A confluence of the Giants’ present and future was on full display at Scottsdale Stadium this spring, with the club’s veteran core taking the field alongside a promising crop of young prospects that could form the foundation of the next great San Francisco teams.
Shortstop Marco Luciano, catcher Joey Bart and outfielder Heliot Ramos are generating plenty of excitement among fans, but the Giants are likely a couple of years away from seeing that wave of talent crest at the big league level.
The 2021 Giants appear poised for another transitional year, especially now that Buster Posey, Brandon Crawford, Brandon Belt and Johnny Cueto are entering the final guaranteed year of their contracts. Still, the Giants will head into the regular season aiming to exceed modest expectations and build off their success from last year, when they fell only one win shy of their first postseason berth since 2016.
With no expanded playoff format and a loaded National League West that features a pair of behemoths in the Dodgers and Padres, the Giants will be facing an uphill battle to stay relevant in their own division, though several players believe they’ve assembled a roster that could end up surprising in 2021.
“Everybody has got us in the dog pound and isn’t really thinking of us doing anything,” right-hander Kevin Gausman said last month. “I think that’s a good position to be in.”
What needs to go right? The bats need to produce
After years of struggling to consistently score runs, the Giants enjoyed a remarkable offensive turnaround in 2020, when they ranked sixth in the Majors with a .785 OPS and a 113 wRC+, according to FanGraphs. The offense is expected to once again be the strength of the team this year and should benefit from the arrival of infielder Tommy La Stella, who joined the Giants on a three-year, $18.75 million deal this offseason. La Stella and Mike Yastrzemski should form a potent 1-2 punch atop the Giants’ lineup and serve as key tonesetters for the rest of the offense.
La Stella and Yastrzemski are known for their ability to grind out at-bats and wear out opposing pitchers, which should create plenty of RBI opportunities for middle-of-the-order hitters like Belt, Alex Dickerson and Evan Longoria. The Giants have made a conscious decision to prioritize offense over defense, so there are going to be plenty of nights when they’re going to need their bats to make up for their defensive deficiencies.
Great unknown: How will the starting rotation hold up?
The success of the 2021 Giants will largely hinge on their starting rotation, which was a weak spot for the club last year. Gausman and Cueto will return to anchor the top of the rotation, and the Giants brought in some much-needed depth by adding Anthony DeSclafani, Alex Wood and Aaron Sanchez on one-year deals this offseason. Logan Webb, meanwhile, has dazzled this spring and could be ready to take a big step forward and establish himself as a quality Major League starter in 2021.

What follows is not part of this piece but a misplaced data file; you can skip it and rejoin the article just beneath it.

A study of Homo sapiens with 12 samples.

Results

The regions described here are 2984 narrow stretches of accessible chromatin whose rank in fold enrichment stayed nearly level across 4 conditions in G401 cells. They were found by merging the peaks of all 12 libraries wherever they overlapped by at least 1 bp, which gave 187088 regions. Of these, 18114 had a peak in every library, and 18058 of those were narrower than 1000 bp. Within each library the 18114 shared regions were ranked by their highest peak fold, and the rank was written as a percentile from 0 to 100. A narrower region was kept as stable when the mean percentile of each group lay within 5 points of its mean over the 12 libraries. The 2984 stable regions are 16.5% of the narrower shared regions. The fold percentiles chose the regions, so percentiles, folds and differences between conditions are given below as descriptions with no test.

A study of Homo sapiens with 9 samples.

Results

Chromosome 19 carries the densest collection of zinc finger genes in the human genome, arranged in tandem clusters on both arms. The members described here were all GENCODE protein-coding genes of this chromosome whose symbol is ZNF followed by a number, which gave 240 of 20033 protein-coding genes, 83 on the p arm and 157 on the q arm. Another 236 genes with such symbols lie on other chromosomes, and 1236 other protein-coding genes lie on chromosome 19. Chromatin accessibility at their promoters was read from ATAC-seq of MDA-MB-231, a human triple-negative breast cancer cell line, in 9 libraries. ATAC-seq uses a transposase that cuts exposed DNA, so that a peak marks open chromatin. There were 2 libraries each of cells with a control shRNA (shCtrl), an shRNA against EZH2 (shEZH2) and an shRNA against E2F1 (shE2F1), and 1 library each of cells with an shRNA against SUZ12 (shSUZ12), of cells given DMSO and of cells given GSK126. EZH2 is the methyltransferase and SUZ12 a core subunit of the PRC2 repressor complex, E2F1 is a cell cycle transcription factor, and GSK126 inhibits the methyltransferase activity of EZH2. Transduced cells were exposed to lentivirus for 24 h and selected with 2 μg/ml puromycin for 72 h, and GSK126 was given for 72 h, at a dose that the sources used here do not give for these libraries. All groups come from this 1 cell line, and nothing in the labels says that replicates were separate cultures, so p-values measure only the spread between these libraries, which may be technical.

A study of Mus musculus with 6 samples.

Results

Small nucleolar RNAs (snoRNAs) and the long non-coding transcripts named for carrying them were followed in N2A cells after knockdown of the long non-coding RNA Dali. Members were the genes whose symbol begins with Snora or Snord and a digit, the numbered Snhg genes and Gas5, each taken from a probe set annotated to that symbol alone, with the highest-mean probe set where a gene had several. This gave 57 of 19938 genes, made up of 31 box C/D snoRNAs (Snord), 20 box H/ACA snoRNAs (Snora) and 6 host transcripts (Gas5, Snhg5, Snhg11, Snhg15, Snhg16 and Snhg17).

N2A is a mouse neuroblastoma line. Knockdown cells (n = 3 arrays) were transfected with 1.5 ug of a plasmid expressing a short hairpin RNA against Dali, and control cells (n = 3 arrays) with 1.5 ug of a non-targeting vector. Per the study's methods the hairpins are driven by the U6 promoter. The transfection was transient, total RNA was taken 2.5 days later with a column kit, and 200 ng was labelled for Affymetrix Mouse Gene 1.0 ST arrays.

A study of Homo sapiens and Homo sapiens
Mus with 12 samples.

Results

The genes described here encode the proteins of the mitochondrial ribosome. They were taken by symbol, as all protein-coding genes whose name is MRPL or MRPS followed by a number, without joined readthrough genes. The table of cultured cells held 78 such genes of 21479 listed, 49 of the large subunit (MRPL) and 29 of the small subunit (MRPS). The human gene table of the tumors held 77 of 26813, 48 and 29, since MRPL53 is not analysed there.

It’s a talented group, but it also carries some risk, as the Giants will be counting on bounce-back seasons from DeSclafani, Wood and Sanchez, who missed the 2020 campaign while rehabbing from right shoulder surgery. There is reason for optimism, though, as the Giants have established a reputation for rehabilitating pitchers and helping them unlock their full potential in San Francisco. If that trio of newcomers can follow in the footsteps of previous reclamation projects like Drew Pomeranz, Drew Smyly and Gausman, the Giants could have a chance to play meaningful baseball deep into the season.
Team MVP will be ... Mike Yastrzemski
Yastrzemski blossomed into a bonafide star in 2020, batting .297 with a .968 OPS and 10 home runs over 54 games and placing eighth in National League MVP voting. The 30-year-old outfielder is showing no signs of slowing down as he enters his third Major League season and could be even more valuable for the Giants if he proves that he can play a capable center field. The defensive metrics didn’t rate Yastrzemski favorably in center last year, but the Giants believe he’s better than those numbers suggested. Playing Yastrzemski in the middle of the outfield would open up more lineup options for the Giants, who could shift Mauricio Dubón to the infield and start Austin Slater and Darin Ruf -- two right-handed bats -- in the corner outfield against left-handed pitchers.
Team Cy Young will be ... Kevin Gausman
Gausman reportedly received multi-year offers from other teams this offseason, but he turned them down to return to the Giants on a one-year, $18.9 million qualifying offer. He was named the Giants’ Opening Day starter last week, a sign of the stature he earned after logging a 3.62 ERA with 79 strikeouts over 59 2/3 innings in 2020. Gausman, 30, has some of the most electric stuff on the pitching staff, mixing a mid-90s fastball with a diving splitter that induced a 49 percent whiff rate last year, according to Baseball Savant.
Bold prediction: Logan Webb emerges as a frontline starter
Webb debuted with the Giants in 2019, but he’s logged a 5.36 ERA over his first two Major League seasons and has struggled to pitch deep into games on a consistent basis. Still, the 24-year-old right-hander was nearly untouchable this spring, firing 11 scoreless innings with three hits, 17 strikeouts and one walk over his first four Cactus League starts before giving up one run on four hits and a walk over his six-inning final spring appearance. Along with improved fastball command, Webb has flashed a devastating changeup that has the potential to be an elite secondary weapon moving forward. Everything seems to be coming together for Webb, who is poised to develop into a rotation mainstay for the Giants for years to come.